Price comparison site ComparetheMarket imposed ‘most favoured nation’ clauses on its home insurance contracts over a two-year period
ComparetheMarket has been fined £17.9m by the Competition and Markets Authority (CMA) for a breach in home insurance contracts.
The CMA found that between December 2015 and December 2017, ComparetheMarket imposed ‘most favourite nation’ clauses on home insurance providers using its site.
These stopped home insurers offering lower prices on other PCWs and “protected ComparetheMarket from being undercut elsewhere”, the CMA said.
The clauses also made it harder for the company’s competitors to expand and challenge its dominant market position “as other price comparison websites were restricted from beating it on price”.
Consequently these actions were likely to have led to higher premiums because ”competition between price comparison websites, and between home insurers selling through these platforms, was restricted”.
The probe was launched in September 2017 and also aimed to set “clear ground rules” for all online comparison tools following a year-long study of the sector.
In its announcement today, the CMA stated that the clauses meant:
- The insurers bound by the contracts were prohibited from offering cheaper deals on other price comparison websites. In turn, this limited competitive pressures on all home insurers competing on price comparison websites.
- Rival comparison sites were restricted in gaining a price advantage over ComparetheMarket, for example, by lowering their commission fees to encourage those insurers to quote lower prices on their platforms.
- The competitive pressures ComparetheMarket itself was subject to were weakened. Without the clauses, it would have had to compete harder to get lower prices from the home insurers, for example by reducing the commission fees it charged.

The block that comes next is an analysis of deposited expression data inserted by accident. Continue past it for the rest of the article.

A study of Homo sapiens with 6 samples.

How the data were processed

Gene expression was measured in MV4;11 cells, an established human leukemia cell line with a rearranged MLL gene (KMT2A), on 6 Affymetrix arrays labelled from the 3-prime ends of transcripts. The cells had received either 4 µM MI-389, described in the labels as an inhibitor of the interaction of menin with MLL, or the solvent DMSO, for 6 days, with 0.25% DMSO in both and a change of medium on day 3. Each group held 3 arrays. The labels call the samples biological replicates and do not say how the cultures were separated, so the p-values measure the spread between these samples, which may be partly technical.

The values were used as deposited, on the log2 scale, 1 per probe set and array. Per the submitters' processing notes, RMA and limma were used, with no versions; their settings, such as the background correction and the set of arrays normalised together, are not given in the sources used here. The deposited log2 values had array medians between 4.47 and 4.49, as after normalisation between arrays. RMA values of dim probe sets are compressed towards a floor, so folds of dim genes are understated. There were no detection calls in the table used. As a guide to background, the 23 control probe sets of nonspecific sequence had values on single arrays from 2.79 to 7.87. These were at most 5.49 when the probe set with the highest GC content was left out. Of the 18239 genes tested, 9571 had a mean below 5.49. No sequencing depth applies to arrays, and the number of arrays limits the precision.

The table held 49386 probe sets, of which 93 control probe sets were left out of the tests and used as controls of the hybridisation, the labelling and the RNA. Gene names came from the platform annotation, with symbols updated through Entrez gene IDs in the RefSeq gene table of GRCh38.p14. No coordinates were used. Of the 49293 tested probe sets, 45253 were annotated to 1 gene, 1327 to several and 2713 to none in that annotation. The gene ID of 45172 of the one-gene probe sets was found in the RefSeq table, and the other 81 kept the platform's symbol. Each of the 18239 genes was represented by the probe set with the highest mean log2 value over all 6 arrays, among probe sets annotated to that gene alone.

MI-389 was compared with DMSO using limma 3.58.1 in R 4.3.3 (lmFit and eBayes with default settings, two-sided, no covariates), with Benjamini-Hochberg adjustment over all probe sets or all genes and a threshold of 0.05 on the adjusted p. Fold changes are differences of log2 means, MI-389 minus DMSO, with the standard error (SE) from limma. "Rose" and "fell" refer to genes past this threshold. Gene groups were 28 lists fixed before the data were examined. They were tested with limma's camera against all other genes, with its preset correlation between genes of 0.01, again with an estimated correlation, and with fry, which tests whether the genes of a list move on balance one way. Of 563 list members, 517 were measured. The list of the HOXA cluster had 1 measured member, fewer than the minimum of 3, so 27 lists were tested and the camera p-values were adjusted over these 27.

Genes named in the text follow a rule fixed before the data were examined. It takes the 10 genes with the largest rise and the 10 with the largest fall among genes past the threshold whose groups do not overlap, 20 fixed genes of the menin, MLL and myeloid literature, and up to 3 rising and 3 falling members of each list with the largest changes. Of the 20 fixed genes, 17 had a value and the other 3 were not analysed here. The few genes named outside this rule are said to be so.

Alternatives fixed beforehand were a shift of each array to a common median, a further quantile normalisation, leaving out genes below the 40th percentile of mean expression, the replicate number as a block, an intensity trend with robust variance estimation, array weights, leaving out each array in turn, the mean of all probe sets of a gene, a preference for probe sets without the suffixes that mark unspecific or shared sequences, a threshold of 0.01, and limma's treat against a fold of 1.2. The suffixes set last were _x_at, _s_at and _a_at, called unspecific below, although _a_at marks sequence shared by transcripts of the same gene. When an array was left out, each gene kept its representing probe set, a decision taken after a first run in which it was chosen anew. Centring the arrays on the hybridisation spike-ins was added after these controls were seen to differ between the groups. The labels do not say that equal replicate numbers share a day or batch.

CMA executive director for enforcement Michael Grenfell said that although price comparison websites ”are excellent for consumers” because ”they promote competition between providers, offer choice for customers and make it easier for consumers to find the best bargains”, it was “unacceptable” for the company to use clauses on its contracts that restricted home insurers from offering bigger discounts on competing websites.
This potentially limited good deals available to consumers, he added.
”Digital markets can yield great benefits for competition and, therefore, for consumers.
”We are determined to secure those benefits and to ensure that competition is not illegitimately restricted.
”Today’s action should come as a warning – when we find evidence that the law has been broken, we will not hesitate to step in and protect consumers,” Grenfell said.
In response to the fine, ComparetheMarket said it “fundamentally disagreed” with the conclusions reached by the CMA.
ComparetheMarket will be ”carefully examining the detailed rationale behind the decision and considering all of our options”, it added.
”For 14 years ComparetheMarket and the other price comparison websites have revolutionised the way in which consumers shop for their insurance.
”We will continue to deliver on our mission to drive competition, transparency and choice that benefits consumers, so our customers get the best deals possible,” it said.
ComparetheMarket has the option to lodge an appeal with the Competition Appeal Tribunal within two months of receiving the fine.